Some ministries, departments and agencies (MDAs) Tuesday admitted before the Senate Committee on Federal Character that they took bribes before offering employment to applicants.
The subtle admittance followed a question thrown to the agencies by Senator Uche Chukwumerije during a session involving the Senate committee, Federal Character Commission (FCC) as well as MDAs.
Chukwumerije had asked the representatives of the agencies represented at the session to boldly raise up their hands if they knew they weren't taking bribe before recruiting new employees into their organisations.
To the shock of all in the gathering, only the representative of National Security for Civil Defence Corps (NSCDC) raised up his hands, while others who had earlier boasted of observing merit in their recruitment processes could not summon courage to raise up their hands.
Chukumerije then warned the agencies that it was an unpardonable offence for anyone to take bribe from applicants before offering them jobs, saying doing so implies automatic recruitment of additional thieves into the system while qualified people are left in the "growing cesspool of unemployment."
Earlier, the chairman of the committee, Senator Awaisu Kuta, had lamented increasing number of scandals in MDAs during recruitment exercises, noting that the principle of federal character is often violated in the process with impunity.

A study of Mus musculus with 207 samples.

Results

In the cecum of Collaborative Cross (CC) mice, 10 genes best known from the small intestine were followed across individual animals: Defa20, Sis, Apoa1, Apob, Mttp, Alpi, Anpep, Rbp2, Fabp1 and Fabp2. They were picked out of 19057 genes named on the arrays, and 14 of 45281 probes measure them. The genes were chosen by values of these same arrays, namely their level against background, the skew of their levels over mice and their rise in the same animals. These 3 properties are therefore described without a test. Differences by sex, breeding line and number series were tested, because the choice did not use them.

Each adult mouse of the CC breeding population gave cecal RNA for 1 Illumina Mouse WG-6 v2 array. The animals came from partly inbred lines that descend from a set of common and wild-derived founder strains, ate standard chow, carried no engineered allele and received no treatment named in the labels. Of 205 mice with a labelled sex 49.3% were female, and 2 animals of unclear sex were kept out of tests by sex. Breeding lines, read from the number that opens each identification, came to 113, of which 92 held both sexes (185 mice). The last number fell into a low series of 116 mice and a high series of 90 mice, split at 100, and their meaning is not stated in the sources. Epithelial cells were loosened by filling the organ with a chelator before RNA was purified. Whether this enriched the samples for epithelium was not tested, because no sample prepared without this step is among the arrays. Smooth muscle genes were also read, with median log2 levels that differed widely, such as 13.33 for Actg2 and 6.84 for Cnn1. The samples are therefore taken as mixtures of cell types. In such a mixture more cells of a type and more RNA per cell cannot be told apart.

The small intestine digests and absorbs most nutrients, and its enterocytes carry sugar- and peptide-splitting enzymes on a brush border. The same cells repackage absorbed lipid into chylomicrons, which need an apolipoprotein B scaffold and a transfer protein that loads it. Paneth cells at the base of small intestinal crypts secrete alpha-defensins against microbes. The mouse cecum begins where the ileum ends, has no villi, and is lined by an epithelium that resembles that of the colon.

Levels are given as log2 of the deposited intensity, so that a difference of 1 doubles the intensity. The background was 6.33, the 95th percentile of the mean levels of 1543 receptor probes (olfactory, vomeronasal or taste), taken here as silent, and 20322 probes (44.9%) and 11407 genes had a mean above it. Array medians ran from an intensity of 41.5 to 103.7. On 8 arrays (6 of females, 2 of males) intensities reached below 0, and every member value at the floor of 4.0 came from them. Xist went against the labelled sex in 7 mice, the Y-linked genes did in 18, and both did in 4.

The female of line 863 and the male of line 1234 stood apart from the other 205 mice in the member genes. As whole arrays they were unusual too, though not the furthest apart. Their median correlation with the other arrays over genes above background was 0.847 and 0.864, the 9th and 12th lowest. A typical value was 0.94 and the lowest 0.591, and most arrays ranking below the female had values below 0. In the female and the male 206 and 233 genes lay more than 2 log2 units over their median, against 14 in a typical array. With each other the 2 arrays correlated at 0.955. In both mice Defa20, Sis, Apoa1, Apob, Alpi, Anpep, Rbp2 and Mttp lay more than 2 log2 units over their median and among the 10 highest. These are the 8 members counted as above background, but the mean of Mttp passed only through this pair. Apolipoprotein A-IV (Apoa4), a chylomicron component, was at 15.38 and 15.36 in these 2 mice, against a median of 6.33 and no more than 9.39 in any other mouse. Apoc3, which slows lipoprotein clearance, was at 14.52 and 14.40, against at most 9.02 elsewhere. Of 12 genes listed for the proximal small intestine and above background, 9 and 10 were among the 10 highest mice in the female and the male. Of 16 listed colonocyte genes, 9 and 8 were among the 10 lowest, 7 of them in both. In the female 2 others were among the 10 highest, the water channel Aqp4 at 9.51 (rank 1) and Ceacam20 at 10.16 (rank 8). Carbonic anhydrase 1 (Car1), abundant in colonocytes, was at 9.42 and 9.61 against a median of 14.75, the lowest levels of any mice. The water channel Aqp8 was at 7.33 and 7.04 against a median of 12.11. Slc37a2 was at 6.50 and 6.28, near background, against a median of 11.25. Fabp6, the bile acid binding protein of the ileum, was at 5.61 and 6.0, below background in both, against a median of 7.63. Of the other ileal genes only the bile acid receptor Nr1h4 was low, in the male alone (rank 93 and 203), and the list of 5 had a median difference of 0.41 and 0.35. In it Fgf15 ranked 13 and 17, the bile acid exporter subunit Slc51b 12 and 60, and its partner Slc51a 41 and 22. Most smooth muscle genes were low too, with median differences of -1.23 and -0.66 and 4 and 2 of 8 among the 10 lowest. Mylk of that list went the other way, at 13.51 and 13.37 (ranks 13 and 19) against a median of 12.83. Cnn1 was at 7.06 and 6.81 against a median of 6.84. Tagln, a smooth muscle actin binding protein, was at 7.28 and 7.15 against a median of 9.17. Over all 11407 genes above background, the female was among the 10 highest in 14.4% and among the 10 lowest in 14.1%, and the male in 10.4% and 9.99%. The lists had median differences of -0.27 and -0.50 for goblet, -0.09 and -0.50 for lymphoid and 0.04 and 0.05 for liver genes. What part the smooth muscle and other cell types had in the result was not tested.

According to Kuta who said the law establishing Federal Character Commission also spelt out punishment for violations of its principles, added that marginalisation of people in certain parts of the country is the bane of productivity, anti-corruption war and patriotism among Nigerians.
Kuta who alleged that jobs are usually offered to the highest bidders, noted that scandals in recruitment processes have reached an alarming rate as he threatened that the law establishing federal character would soon be amended with a view to imposing stricter sanctions on its violators.
While describing the military, police and public officers as the most guilty of the violations, Kuta also accused heads of institutions of complicity in the scandalous acts.
Chairman of FCC, Prof. Oba Abdulraheem, alleged that military, police, civil service commission, Judicial Service Commission, petroleum sector and ministries were notorious for flouting federal character principles.
Abdulraheem who threatened to henceforth drag any violator of the principles to court, insisted that the committee must ensure that heads of all MDAs were summoned by the committee.
In her submission, Head of Federal Civil Service Commission, Joan Ayo, described the existence of federal character in civil service as unnecessary, arguing that the civil service commission should rather serve as the custodian of core values in public service.
She claimed that the commission under her leadership has so far maintained zero tolerance for corruption, disclosing that 80 per cent of recruitment carried out on the basis of existing three senatorial districts in each state are done on merit while the remaining 20 per cent are done on discretion.
The committee promised to invite the military, police and para-military institutions accused of violating the federal character principle during the next session.
It also threatened to accordingly deal with violators of federal character principles.